Companies that have dedicated themselves to “getting to zero” acknowledge that perhaps not all accidents can be prevented—but committing to the attempt can still reduce accident and illness rates. Yesterday we looked at two essential elements of a company’s commitment to what is called, in Europe, “Zero Accident Vision” (ZAV). The four elements—commitment, communication, safety culture, and safety learning—were identified in a survey of 27 European companies in 7 different countries that have made a commitment to ZAV.
The results of the survey will be published in the July 2017 issue of the journal Safety Science, although you can view it online now.
Synching Safety Culture
In the survey, assessments of safety culture showed the greatest discrepancy between management and worker responses. Managers tended to rate measures of safety justice and safety empowerment higher than workers did. Workers were less convinced than managers that management treated employees involved in accidents in a fair way, and looked for causes, not guilty persons, when an accident occurred. They were also more likely to believe that management blamed employees for accidents. Workers were also less convinced than managers that anyone was capable of influencing safety in their work, and that workers were involved in safety decisions.
Factors that helped to more closely synchronize management and worker assessments of safety culture were primarily related to management’s openness and responsiveness to workers’ safety concerns. Workers reported higher levels of safety justice, safety empowerment and trust in their leadership in companies where:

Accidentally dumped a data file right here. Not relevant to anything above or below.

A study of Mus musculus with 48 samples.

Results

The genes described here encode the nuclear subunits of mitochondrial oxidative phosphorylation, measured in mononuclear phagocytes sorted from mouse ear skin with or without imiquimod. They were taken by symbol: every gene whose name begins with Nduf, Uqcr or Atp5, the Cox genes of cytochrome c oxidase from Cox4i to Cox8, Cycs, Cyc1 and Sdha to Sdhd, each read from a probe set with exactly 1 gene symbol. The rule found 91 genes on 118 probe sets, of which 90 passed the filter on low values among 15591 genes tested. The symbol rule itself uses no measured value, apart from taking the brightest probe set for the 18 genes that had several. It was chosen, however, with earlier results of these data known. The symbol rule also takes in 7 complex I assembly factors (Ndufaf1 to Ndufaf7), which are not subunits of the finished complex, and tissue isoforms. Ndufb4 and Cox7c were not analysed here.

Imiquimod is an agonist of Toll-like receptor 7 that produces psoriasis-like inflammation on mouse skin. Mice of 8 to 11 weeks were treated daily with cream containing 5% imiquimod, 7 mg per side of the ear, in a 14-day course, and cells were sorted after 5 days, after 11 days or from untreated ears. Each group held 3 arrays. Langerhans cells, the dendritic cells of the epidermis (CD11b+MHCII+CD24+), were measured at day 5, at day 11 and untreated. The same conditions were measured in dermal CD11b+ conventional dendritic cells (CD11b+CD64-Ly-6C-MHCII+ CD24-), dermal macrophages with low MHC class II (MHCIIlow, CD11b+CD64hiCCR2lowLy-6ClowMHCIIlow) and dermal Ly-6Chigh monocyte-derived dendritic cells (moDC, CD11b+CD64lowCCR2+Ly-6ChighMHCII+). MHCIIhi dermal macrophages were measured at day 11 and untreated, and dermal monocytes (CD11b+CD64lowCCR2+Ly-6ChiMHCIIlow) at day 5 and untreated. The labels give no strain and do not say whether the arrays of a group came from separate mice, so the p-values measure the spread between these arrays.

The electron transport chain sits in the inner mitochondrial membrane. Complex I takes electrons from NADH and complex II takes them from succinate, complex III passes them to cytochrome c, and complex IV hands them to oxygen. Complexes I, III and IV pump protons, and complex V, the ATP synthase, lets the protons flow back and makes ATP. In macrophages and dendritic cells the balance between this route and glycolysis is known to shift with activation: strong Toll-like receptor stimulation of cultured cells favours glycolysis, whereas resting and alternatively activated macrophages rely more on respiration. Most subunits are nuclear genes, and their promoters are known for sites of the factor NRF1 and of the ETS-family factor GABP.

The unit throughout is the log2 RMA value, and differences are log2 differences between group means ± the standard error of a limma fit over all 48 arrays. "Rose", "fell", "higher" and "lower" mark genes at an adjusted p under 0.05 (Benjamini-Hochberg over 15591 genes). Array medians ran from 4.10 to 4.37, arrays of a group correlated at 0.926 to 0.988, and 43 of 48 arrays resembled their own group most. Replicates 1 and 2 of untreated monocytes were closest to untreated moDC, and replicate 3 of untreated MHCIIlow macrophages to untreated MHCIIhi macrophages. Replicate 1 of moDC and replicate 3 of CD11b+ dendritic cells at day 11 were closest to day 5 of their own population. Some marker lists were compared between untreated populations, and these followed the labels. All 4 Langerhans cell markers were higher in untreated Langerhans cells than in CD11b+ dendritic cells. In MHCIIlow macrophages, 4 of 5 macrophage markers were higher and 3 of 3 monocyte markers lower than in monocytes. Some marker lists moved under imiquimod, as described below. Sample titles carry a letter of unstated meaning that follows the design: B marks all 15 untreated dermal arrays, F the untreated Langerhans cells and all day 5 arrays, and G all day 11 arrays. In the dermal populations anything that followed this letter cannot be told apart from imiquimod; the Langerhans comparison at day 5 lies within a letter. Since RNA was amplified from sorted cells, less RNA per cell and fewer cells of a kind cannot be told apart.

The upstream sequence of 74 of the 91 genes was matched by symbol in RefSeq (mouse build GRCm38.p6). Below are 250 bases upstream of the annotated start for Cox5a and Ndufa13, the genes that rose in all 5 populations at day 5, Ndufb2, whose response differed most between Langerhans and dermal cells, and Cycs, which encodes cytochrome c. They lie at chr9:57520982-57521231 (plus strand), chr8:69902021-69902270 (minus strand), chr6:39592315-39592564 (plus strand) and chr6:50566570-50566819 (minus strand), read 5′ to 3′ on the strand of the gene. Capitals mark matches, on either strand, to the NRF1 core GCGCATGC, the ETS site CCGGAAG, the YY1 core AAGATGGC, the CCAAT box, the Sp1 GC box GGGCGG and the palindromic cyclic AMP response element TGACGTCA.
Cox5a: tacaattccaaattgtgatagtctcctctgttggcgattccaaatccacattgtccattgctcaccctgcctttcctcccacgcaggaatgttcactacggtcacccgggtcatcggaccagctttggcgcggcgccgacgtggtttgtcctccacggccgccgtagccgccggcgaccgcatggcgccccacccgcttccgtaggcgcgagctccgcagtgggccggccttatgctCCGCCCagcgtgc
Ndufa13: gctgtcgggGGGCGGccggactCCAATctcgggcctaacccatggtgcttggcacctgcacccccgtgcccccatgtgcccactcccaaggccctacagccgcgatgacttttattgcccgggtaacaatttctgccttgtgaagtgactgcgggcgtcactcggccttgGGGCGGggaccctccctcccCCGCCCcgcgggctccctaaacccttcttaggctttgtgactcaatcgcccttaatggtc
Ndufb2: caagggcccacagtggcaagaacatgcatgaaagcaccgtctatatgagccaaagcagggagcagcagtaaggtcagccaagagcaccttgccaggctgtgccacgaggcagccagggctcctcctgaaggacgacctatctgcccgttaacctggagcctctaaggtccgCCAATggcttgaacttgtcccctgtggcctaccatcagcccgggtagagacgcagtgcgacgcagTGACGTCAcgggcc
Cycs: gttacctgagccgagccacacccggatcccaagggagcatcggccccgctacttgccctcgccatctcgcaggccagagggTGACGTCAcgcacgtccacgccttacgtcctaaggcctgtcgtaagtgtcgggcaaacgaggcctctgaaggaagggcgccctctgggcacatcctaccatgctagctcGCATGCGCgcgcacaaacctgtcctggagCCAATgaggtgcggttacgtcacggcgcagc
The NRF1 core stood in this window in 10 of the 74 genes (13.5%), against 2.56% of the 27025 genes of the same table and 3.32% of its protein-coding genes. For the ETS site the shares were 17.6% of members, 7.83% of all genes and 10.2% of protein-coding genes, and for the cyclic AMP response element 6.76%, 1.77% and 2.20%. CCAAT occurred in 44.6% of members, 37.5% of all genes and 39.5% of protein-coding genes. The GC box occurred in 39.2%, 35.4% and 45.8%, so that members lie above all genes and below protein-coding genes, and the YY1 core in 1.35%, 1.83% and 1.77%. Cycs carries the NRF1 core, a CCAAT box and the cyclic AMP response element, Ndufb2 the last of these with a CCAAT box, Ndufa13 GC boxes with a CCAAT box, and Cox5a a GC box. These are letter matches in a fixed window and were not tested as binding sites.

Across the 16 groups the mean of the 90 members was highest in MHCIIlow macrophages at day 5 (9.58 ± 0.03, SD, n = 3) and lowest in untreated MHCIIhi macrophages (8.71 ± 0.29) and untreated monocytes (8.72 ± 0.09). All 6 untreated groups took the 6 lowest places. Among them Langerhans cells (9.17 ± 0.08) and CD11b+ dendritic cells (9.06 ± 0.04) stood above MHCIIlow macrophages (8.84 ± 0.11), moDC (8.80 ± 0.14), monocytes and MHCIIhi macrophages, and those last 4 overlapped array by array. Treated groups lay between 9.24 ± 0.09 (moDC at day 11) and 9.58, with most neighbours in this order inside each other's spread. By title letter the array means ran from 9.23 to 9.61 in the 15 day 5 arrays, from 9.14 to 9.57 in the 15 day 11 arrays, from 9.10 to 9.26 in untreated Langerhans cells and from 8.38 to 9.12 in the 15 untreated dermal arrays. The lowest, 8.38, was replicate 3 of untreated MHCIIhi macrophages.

- Workers were empowered to stop production to address safety concerns.
- Workers felt that they had the freedom to be open about mistakes in order to learn from them.
- Management made a practice of reaching out to workers, asking questions rather than giving answers, and encouraging discussion and independent thought and action.
- Workers’ proposals for safety improvements were acted on. In companies where workers could see that their input actually mattered to management—that is, when management acted on suggestions from workers—workers reported higher levels of trust in their leadership and faith in their safety program.
Without this kind of support for safety from the bottom up, workers tended to distrust their leadership and to feel that management did not actually care for them.
Successful Safety Learning
Safety learning was another area in which management’s assessment of its success sometimes differed significantly from that of workers. Training methods seemed to make a noticeable difference. Workers preferred on-the-job to classroom or computer training, and they liked for training to be closely connected to their actual workplace and job tasks through the use of actual worksite scenarios and equipment, and through the use of sketches, photos, videos, real documents, and equipment. Workers also preferred training that actively involved them in discussion and in which supervisors and foremen had been trained to act as moderators for safety discussions.